By Wm. Cullen James, Navy Personnel Command Public Affairs
MILLINGTON, Tenn. – Navy leadership is asking commands to sharpen their focus when screening Sailors for overseas service, according to NAVADMIN 209/10.
The message states that the Navy Overseas Screening Program is a key component guaranteeing that proper support is available to the Sailors and families stationed overseas. Discrepancies in the process cost the Navy nearly $1 million in fiscal year 2009.
According to Cmdr. Carl Chaffin, Distribution Management and Procedures Branch head, medical issues account for about 50 percent of the discrepancies. “The transferring medical facility must request a waiver for any condition that will be ongoing after transfer,” he explained. “Any medications required overseas must be cleared with the overseas medical treatment facility to ensure the medications are available. Some military medical facilities overseas have had their services reduced and the local medical services have not been certified by TRICARE for reimbursement.”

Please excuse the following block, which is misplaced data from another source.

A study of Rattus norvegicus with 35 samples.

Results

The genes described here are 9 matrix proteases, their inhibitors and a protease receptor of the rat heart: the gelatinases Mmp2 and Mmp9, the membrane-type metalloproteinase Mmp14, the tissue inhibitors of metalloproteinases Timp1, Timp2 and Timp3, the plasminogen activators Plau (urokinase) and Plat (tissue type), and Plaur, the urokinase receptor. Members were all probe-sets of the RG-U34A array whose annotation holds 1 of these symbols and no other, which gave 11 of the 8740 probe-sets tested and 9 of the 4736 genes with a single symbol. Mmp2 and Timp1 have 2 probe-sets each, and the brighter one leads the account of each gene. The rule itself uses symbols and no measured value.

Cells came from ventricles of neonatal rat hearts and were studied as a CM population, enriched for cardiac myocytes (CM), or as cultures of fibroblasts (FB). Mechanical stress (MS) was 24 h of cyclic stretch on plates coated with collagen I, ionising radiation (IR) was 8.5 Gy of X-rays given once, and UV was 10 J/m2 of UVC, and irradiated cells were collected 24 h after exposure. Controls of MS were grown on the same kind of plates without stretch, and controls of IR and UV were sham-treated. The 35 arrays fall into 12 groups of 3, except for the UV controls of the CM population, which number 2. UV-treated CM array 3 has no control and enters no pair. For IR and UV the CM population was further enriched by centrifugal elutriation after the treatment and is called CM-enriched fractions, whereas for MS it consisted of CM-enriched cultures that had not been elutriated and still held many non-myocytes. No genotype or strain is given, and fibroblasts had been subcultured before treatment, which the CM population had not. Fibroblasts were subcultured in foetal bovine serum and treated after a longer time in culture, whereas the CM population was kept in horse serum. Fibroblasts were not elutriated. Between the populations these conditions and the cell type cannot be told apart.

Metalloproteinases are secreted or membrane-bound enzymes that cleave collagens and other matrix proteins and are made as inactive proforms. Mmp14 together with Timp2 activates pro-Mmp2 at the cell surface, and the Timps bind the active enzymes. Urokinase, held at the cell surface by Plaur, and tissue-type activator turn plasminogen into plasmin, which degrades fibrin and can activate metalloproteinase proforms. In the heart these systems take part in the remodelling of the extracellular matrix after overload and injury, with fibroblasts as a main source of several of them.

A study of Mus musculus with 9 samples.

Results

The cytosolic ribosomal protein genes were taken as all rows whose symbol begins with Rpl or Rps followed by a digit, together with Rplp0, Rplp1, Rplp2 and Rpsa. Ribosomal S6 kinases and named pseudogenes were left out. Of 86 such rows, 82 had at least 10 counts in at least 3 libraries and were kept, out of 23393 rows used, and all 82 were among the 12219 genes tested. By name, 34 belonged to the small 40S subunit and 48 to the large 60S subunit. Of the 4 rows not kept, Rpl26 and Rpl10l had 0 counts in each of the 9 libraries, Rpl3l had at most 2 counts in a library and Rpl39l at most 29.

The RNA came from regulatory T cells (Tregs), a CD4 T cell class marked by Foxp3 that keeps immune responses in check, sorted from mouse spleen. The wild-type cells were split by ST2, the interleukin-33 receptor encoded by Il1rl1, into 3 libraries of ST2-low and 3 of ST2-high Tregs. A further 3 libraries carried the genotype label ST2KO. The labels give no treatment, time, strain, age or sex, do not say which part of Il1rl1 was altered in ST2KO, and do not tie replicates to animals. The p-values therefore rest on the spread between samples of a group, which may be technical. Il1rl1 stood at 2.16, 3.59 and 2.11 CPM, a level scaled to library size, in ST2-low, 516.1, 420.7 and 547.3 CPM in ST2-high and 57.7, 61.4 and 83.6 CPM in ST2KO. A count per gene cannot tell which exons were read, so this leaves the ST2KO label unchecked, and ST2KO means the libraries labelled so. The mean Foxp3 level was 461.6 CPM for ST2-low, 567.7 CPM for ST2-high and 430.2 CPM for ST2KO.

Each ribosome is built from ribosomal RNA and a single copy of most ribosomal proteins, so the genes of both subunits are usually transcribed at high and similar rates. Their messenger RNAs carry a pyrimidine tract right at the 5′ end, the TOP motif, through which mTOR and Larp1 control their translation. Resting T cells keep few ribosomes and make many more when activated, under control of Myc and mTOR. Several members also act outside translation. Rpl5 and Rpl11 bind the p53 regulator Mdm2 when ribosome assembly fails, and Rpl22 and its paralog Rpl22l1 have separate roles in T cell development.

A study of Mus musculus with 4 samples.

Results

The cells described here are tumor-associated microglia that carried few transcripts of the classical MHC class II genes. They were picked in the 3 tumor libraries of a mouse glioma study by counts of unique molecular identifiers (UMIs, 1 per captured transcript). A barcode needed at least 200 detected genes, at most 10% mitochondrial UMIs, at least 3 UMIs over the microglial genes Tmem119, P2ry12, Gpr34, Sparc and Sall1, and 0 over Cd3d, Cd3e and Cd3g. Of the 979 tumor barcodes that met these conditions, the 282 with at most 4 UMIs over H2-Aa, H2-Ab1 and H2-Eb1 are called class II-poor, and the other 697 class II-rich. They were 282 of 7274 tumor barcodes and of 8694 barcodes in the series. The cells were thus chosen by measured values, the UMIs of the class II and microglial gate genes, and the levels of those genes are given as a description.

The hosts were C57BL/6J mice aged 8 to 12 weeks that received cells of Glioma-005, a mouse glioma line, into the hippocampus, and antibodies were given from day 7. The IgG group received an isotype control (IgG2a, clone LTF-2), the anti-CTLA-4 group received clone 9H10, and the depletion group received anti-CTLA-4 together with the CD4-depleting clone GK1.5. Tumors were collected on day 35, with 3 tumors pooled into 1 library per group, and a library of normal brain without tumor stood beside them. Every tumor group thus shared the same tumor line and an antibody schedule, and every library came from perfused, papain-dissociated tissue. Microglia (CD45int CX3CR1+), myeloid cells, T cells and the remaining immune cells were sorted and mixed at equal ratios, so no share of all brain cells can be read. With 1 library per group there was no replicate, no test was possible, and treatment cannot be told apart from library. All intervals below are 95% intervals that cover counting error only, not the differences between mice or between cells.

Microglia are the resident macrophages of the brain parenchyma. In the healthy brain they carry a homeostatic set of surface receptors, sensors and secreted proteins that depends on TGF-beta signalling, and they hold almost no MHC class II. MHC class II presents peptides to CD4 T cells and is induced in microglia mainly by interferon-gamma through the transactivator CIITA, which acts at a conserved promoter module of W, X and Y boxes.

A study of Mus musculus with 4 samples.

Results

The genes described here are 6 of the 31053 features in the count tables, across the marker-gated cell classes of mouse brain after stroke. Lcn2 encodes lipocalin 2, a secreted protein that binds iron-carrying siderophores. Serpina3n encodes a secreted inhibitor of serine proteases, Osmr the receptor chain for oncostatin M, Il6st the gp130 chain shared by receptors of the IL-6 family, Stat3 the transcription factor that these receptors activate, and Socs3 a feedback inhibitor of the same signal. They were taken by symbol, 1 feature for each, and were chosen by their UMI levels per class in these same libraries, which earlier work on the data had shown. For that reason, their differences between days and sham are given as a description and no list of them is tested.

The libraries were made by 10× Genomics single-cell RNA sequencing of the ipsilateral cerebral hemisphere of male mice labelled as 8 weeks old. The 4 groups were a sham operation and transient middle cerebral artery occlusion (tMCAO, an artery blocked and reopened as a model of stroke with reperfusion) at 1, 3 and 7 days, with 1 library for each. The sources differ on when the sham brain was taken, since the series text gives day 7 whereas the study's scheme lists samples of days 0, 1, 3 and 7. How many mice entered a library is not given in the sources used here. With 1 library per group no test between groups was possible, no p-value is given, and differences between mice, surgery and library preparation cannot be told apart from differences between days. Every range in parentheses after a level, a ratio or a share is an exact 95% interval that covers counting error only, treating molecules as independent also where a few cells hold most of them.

Other issues cited in the NAVADMIN include legal issues, indebtedness and general administrative errors.
“Commands need to focus on every aspect of the screening form, NAVPERS 1300/16,” said Chaffin. Specific non-medical areas that require focus are “ongoing legal (criminal and civil) cases and pre-service moral waivers. Also, the spouse’s income should not be included in the overseas financial plan unless the spouse has been assured employment upon arrival.”
In the case of a discrepancy where a Sailor reports to an overseas command, “The family can be uprooted on short notice. In the case where a dependent is unqualified – the family is returned to the U.S. and the Sailor continues the tour. If a Sailor is unqualified or must be present for the care of a family member, then the Sailor is usually sent to a U.S.-based command,” Chaffin said.
The total number of discrepancies against the number of overseas orders written is relatively low, but Chaffin said commands can do better. “Sometimes these discrepancies are the fault of the Sailor, but in most cases it is either the command not checking with Family Advocacy, legal, etc., or the medical screener not requesting waivers from the overseas medical provider prior to marking Sailors/family members qualified for overseas assignment.”
For more information, read the NAVADMIN at www.npc.navy.mil.